Home Business Task force to suggest ‘further measures to defend Alberta’ against B.C. ‘attack’

Task force to suggest ‘further measures to defend Alberta’ against B.C. ‘attack’


Alberta Premier Rachel Notley has created a task force of Canadian experts who will suggest ways to respond to B.C.’s “unconstitutional attack” on the Trans Mountain pipeline.

The group includes former New Brunswick premier Frank McKenna, former deputy prime minister Anne McLellan, former Syncrude Canada president Jim Carter and legal scholar Peter Hogg.


“In response to British Columbia’s unconstitutional attack on our energy industry and the Canadian economy, Alberta is preparing retaliatory measures,” Notley said in a news release Friday.

“The new task force is made up of leaders with deep connections throughout the country and expertise on these matters. It will help ensure Alberta’s response gets Ottawa’s and B.C.’s attention.”

Notley previously called on the federal government to step up and assert its authority in situations of national interest.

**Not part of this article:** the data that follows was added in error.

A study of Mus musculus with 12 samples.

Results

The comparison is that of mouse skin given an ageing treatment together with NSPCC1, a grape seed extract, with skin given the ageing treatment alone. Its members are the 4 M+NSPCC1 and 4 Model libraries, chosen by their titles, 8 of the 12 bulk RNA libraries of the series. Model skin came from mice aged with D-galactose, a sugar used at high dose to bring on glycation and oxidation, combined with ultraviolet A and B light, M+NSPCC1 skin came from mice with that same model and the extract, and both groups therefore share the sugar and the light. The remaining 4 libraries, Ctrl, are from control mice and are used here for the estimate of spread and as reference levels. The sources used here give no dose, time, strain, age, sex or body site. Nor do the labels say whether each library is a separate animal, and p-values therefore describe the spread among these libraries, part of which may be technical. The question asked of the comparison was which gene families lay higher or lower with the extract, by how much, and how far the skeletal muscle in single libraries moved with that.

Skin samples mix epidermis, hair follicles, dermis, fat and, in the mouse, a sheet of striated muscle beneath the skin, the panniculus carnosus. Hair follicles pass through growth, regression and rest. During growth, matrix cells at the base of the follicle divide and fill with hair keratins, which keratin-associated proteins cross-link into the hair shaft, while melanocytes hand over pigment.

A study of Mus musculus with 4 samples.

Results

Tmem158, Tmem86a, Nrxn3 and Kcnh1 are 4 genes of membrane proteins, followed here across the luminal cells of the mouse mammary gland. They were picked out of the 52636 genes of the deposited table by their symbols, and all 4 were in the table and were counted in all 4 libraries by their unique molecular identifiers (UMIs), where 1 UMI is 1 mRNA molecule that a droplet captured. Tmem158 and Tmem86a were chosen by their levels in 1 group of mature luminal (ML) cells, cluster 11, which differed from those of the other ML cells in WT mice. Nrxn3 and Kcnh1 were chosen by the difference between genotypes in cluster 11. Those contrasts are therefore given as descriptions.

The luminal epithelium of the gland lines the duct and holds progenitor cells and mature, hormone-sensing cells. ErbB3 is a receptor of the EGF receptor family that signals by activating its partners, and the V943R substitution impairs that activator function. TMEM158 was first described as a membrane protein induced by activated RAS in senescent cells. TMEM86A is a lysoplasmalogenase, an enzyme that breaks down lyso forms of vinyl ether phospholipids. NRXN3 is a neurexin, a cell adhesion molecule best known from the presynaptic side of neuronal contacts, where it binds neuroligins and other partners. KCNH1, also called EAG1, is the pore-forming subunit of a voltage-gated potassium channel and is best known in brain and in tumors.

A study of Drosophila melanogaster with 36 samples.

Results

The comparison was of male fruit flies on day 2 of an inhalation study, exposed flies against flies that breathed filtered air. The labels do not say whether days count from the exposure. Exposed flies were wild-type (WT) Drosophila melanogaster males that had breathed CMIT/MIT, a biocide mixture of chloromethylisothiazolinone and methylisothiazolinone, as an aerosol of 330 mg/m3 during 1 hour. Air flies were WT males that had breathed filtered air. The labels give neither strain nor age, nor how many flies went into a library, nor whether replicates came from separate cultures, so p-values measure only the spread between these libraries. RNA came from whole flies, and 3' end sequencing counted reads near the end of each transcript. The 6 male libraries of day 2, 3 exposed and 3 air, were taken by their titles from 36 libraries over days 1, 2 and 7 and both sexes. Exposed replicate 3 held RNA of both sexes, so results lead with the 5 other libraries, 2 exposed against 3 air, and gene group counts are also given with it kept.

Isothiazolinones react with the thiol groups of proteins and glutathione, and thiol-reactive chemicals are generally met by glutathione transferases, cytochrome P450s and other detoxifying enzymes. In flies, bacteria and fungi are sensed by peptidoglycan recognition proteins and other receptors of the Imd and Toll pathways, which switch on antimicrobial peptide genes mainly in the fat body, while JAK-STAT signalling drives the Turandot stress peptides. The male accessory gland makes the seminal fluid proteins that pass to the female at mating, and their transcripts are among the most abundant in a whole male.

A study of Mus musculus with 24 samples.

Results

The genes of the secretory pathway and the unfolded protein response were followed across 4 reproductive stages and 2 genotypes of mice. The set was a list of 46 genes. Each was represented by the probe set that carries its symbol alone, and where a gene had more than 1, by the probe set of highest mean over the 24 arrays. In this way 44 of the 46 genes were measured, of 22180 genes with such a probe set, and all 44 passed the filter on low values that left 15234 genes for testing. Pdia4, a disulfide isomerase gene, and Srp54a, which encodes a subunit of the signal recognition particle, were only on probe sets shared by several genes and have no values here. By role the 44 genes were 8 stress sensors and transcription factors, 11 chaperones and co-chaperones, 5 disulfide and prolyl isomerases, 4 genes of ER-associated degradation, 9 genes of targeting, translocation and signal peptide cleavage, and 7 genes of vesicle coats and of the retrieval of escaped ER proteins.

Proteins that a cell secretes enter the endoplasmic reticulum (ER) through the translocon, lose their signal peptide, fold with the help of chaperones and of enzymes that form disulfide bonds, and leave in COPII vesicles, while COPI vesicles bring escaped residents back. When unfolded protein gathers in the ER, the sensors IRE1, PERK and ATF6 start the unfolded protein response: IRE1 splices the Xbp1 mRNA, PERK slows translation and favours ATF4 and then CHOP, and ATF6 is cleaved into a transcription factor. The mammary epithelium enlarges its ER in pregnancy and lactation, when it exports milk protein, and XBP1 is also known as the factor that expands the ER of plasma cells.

READ MORE: Quebec activists buy up B.C. wine in ‘solidarity’ with the West Coast

“This is not a fight between Alberta and B.C. This is B.C. trying to usurp the authority of the federal government and undermine the basis of our Confederation,” the premier stressed.

READ MORE: B.C. premier says he won’t retaliate in ongoing trade fight with Alberta

“Ottawa needs to say clearly and unequivocally that B.C.’s actions won’t stand. Sadly, B.C. decided to pick this fight with the country.

“No one wants it and it could end tomorrow, but as long as B.C. continues, Alberta will fight for jobs in Alberta and speak up for a Canada that works.”

The trade dispute involves Kinder Morgan’s Trans Mountain pipeline expansion project and the transport of bitumen from Alberta to the West Coast.

The $7.4-billion project is federally approved. But on Jan. 30, B.C. said it planned to ban increased shipments of diluted bitumen off its coast until the province can better understand the ability to mitigate spills.

READ MORE: Trans Mountain CEO condemns B.C.’s move to restrict bitumen shipments

Alberta was not impressed as this move would restrict its ability to get its oil to the world market. Notley said B.C.’s regulations were illegal and unconstitutional.

On Feb. 6, she announced that Alberta would be halting B.C. wine imports as a result of the dispute.

— With files from Global’s Katie Dangerfield

© 2018 Global News, a division of Corus Entertainment Inc.